Using large-scale single cell RNAseq to dissect the genetic architecture of haematopoiesis and investigate implications for Bone Marrow Failure Syndrome and other complex diseases
Bone marrow failure syndromes (BMFS) are a collection of heterogeneous disorders characterized by decreased production of one or more major hematopoietic lineages, which may be either inherited or acquired. BMFS is caused by inefficient haematopoiesis in the bone marrow (BM) stem cells, which means the number of red blood cells, white blood cells and platelets are insufficient to meet physiological needs. Approximately 160 Australians, the majority of whom are children or adolescents, are diagnosed with a BMFS each year. More than 50 percent of these patients will die from their disease. The outcome of these patients has greatly improved in recent years but is still poor for patients who lack a sibling donor and who failed or relapsed after immunosuppressive therapy.
Haematopoiesis involves the lineage-specification of blood cells, and is driven by context and cell-type specific gene expression. Variation in the expression of these genes that govern the differentiation and development of cell lineages directly alters production and activation of different blood cells. When regulation of this process goes awry, disease such as BMFS results. Since nearly all clinically measured hematopoietic traits exhibit extensive variation and are highly heritable, there is tremendous potential and excitement for the future of genetics and applications to understand human haematopoiesis.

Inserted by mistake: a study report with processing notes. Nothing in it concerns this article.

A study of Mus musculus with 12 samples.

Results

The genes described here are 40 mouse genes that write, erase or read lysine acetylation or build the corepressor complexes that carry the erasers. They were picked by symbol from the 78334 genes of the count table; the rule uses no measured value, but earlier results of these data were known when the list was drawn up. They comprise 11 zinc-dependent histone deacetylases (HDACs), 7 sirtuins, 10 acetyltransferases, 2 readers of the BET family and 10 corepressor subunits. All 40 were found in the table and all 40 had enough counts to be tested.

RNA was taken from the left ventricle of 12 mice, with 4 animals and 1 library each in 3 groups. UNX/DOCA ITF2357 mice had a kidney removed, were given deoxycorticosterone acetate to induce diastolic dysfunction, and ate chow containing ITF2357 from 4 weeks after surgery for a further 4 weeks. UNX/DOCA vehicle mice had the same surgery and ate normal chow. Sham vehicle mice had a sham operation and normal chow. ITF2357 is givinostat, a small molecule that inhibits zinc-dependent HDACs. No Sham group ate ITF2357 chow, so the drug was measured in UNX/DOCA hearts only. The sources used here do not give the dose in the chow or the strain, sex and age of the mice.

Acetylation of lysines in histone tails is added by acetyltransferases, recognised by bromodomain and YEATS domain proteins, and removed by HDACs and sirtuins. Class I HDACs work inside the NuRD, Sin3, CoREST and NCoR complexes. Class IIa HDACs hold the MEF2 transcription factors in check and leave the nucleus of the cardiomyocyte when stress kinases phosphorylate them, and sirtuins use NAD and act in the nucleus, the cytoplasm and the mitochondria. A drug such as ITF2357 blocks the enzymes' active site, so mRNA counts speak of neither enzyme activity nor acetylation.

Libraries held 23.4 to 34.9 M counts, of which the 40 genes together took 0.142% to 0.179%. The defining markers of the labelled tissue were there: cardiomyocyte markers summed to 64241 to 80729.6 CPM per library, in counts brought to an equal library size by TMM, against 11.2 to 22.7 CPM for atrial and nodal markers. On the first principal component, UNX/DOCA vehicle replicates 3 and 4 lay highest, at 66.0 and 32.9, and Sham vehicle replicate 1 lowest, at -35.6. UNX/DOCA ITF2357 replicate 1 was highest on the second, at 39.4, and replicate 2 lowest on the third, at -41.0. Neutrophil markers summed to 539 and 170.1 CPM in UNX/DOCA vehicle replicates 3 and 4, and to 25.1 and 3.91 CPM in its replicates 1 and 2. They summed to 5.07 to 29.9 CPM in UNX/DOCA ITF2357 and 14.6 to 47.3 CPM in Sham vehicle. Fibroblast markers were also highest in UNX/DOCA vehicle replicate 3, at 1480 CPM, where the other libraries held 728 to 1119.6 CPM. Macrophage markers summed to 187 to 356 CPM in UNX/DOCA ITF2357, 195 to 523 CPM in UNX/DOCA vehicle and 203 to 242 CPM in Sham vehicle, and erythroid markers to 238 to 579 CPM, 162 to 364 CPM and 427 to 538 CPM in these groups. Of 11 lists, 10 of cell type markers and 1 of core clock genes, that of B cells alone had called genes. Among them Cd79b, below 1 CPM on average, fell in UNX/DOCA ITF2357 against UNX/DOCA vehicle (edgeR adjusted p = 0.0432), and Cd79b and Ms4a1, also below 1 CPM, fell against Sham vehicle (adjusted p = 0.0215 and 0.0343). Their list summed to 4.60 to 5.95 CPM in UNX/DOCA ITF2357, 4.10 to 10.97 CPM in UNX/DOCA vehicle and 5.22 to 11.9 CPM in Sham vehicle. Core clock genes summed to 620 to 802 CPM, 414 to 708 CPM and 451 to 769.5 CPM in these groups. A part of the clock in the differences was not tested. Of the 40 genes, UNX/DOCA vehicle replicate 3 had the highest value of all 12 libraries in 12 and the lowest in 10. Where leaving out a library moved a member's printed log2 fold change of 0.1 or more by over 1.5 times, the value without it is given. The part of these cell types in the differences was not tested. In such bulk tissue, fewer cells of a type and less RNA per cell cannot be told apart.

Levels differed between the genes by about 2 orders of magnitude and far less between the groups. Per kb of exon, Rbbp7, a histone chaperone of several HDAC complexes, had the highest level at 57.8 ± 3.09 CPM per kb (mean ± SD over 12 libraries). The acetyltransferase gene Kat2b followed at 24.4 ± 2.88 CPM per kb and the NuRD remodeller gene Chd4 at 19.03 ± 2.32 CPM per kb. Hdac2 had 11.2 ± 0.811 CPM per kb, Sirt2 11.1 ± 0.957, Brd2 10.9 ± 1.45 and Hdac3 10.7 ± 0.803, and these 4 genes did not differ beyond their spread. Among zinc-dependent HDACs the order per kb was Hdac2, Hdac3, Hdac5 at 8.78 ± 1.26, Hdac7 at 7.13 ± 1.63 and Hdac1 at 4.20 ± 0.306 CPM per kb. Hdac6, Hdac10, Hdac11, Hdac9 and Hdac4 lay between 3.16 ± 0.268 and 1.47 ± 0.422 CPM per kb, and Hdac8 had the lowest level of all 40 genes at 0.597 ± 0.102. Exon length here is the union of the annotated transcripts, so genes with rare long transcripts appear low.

We aim to understand the contribution of genetic variation in driving haematopoietic cell development, through dissecting the genetic drivers for haematopoiesis at a single cell resolution. This project will involve a mix of bioinformatics and wet lab work, initially working on the analysis of allelic effects on transcription changes from a cohort of niche BM samples that have already been collected. To functionally confirm our in silico findings we will design and perform CRISPR screens to model the effect of genetic variants on haematopoietic development and to understand the consequences.
Applicants will be considered for a Research Training Program (RTP) scholarship or Tasmania Graduate Research Scholarship (TGRS) which, if successful, provides:
- a living allowance stipend of $28,597 per annum (2021 rate, indexed annually) for 3.5 years
- a relocation allowance of up to $2,000
- a tuition fees offset covering the cost of tuition fees for up to four years (domestic applicants only)
If successful, international applicants will receive a University of Tasmania Fees Offset for up to four years.
As part of the application process you may indicate if you do not wish to be considered for scholarship funding.
Applicants should review the Higher Degree by Research minimum entry requirements.
The project is competitively assessed and awarded. Selection is based on academic merit and suitability to the project as determined by the College.
Additional desirable selection criteria specific to this project:
- Basic bioinformatics skills (preferably some familiarity with R)
After checking and ensuring that you meet the eligibility and selection criteria contact the project supervisor.